Not of course that the penny will disappear - there must be thousands of jars in homes across the land brimming over with them. After all what else did you do with them? They weighed down in pockets and took up room in change purses so the obvious place for them was in that old pickle jar or that big faux-Chinese vase that Aunt Mildred gave you for your first apartment. And when the jar/vase was full there was the fun task of rolling them, only to find that you only had thirty dollar and 49 cents - there was always that one roll at the end that you couldn't quite complete. All that work with so little return. Damn pennies - who needs them anyway?
Well our Government in their wisdom decided to address that pressing question in their Economic Action Plan 2012 - the penny would be produced no more! And their reasons were manifold: the excessive cost of producing the coin (it is rumoured that it costs 1.06¢ to produce 1¢); environmental considerations (not sure what impact a penny has on the environment but....); and the handling costs that it imposes on retailers, financial institutes and the economy in general???? That and that fact that being a nation of hoarders we apparently have millions of them at home.
And what will be the benefit to us as Canadian when the penny disappears? I mean there must be a benefit to us little folks or our Government wouldn't have made such a weighty decision. Well according to the
Now lest it be thought I am against the disappearance of said coin I am not. The economics of ceasing to produce something at a loss makes sense to even someone as vague as myself when it comes to dealing with the Economy. The thought of no longer receiving coins that will wear holes in the pockets of my Land's End all weather dress pants fills me with joy. And the very idea of no longer having to wash the dirt of my hands after rolling thirty dollars and 49 cents of pennies gives me some satisfaction. So I will not weep tomorrow as the Royal Mint doles out their last remaining stock.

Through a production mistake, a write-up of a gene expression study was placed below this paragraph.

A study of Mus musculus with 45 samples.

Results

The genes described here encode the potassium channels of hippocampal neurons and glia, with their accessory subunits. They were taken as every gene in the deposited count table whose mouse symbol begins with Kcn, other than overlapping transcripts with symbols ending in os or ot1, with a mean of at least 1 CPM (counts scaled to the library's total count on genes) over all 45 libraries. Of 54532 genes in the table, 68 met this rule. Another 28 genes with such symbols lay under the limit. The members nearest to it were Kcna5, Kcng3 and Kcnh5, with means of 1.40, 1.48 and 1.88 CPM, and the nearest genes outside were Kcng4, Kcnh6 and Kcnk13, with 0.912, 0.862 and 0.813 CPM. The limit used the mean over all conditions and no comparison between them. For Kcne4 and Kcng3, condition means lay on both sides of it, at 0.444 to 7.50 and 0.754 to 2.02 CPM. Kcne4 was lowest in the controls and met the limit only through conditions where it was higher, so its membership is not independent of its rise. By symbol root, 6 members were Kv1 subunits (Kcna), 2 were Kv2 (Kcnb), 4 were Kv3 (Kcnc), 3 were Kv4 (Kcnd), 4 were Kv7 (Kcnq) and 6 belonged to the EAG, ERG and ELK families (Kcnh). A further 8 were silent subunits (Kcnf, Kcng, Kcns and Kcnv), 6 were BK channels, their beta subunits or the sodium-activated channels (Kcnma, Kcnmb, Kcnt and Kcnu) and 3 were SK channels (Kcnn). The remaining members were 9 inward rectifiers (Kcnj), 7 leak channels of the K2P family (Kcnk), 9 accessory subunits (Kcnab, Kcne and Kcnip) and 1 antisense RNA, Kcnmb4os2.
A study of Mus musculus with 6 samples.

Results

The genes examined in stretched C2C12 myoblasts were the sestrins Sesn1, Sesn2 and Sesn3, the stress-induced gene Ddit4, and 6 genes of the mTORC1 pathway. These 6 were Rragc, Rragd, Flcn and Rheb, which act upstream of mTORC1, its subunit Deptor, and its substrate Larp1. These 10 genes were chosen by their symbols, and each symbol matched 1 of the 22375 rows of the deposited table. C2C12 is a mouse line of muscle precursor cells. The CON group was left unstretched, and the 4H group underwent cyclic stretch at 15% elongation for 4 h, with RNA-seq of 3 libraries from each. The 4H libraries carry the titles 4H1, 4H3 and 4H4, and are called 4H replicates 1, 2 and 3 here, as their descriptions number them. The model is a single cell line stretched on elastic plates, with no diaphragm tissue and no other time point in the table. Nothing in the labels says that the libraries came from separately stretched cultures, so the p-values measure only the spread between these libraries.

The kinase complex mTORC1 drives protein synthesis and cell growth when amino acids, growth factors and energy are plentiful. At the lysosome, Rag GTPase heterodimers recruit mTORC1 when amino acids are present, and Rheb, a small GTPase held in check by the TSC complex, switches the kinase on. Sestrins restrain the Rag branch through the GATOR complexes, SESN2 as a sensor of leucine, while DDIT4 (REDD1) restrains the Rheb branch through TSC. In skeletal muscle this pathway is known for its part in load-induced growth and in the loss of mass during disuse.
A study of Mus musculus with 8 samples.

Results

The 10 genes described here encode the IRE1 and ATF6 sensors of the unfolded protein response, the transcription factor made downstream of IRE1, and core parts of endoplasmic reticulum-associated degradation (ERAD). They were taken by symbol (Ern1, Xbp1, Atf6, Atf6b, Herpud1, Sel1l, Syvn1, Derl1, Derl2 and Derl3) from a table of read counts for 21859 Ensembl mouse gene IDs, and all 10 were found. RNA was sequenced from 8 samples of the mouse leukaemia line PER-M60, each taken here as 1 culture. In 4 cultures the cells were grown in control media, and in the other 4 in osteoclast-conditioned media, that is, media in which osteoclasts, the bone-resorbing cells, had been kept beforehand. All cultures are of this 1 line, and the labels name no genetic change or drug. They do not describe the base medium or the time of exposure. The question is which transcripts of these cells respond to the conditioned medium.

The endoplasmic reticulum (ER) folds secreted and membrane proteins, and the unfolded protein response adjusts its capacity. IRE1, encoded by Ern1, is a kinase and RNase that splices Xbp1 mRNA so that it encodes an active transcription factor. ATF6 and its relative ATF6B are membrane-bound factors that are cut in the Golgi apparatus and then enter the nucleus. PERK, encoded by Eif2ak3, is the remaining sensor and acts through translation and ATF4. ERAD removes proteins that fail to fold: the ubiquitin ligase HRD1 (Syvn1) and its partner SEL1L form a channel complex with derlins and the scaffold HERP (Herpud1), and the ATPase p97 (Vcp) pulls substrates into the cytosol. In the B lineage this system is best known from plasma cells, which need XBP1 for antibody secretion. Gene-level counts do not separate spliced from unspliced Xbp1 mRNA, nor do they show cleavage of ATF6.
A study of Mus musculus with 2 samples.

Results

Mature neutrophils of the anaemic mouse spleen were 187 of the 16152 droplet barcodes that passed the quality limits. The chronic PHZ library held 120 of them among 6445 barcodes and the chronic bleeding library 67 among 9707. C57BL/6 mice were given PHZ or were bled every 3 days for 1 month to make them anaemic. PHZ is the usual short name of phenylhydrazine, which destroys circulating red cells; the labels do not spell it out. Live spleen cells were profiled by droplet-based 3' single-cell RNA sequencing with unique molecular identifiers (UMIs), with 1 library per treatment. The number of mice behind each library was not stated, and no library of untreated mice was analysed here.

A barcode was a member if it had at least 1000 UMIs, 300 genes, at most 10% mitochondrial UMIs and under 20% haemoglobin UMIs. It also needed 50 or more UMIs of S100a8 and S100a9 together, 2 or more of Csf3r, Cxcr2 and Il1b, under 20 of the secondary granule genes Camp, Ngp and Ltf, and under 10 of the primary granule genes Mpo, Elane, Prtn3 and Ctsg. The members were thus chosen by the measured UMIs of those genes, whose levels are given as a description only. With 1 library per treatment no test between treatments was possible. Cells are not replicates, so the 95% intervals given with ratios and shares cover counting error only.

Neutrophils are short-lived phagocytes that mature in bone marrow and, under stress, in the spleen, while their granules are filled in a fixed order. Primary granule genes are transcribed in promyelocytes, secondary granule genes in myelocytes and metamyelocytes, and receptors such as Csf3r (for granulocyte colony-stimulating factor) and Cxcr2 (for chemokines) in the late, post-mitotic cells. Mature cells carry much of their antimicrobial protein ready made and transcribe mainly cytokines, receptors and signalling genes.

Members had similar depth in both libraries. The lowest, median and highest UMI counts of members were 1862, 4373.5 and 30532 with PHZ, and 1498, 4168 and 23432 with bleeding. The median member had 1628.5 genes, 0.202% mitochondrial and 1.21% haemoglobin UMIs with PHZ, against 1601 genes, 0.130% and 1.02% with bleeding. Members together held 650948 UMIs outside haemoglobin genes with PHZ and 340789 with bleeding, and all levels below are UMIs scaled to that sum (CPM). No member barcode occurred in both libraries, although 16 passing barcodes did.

However that does not mean that tears will not flow in the next little while. The penny is still accepted as the smallest unit in our monetary system and will still be included in calculations on goods and services. And given the various taxes throughout our fair land the price of almost every article purchased from a chocolate bar to a Rolls Royce ends up in pennies. This will be no problem if you are paying with a credit card or a cheque. However if you are paying with cash - and yes some people still pay with cash - it will be up to the merchant if they wish to take them or not. Should they choose not to they have a rounding up/down system which should prove interesting. If the price is $1.01 - $1.02 then you pay $1.00 if its $1.03 - $1.04 then you pay $1.05. I'm not being cynical but I have a feeling - based on something a cashier at our work cafeteria said - that it will be the $1.05 more often than the $1.00 for most things.
However I will cease to be a Casandra on the subject and go off and roll my remaining pennies - though I am wondering what is going to happen to all that copper when its returned to the Bank of Canada? At a current price of $3.75 USD per pound the Government should realize another couple of million which will shave even more off my taxes! Again I'll keep you posted.
In the meantime the Royal Canadian Mint has designed a rather fun infograph on the history of our late (lamented?) penny. A left click on the small version of it I've posted on the left will take you to "The 1¢ Story".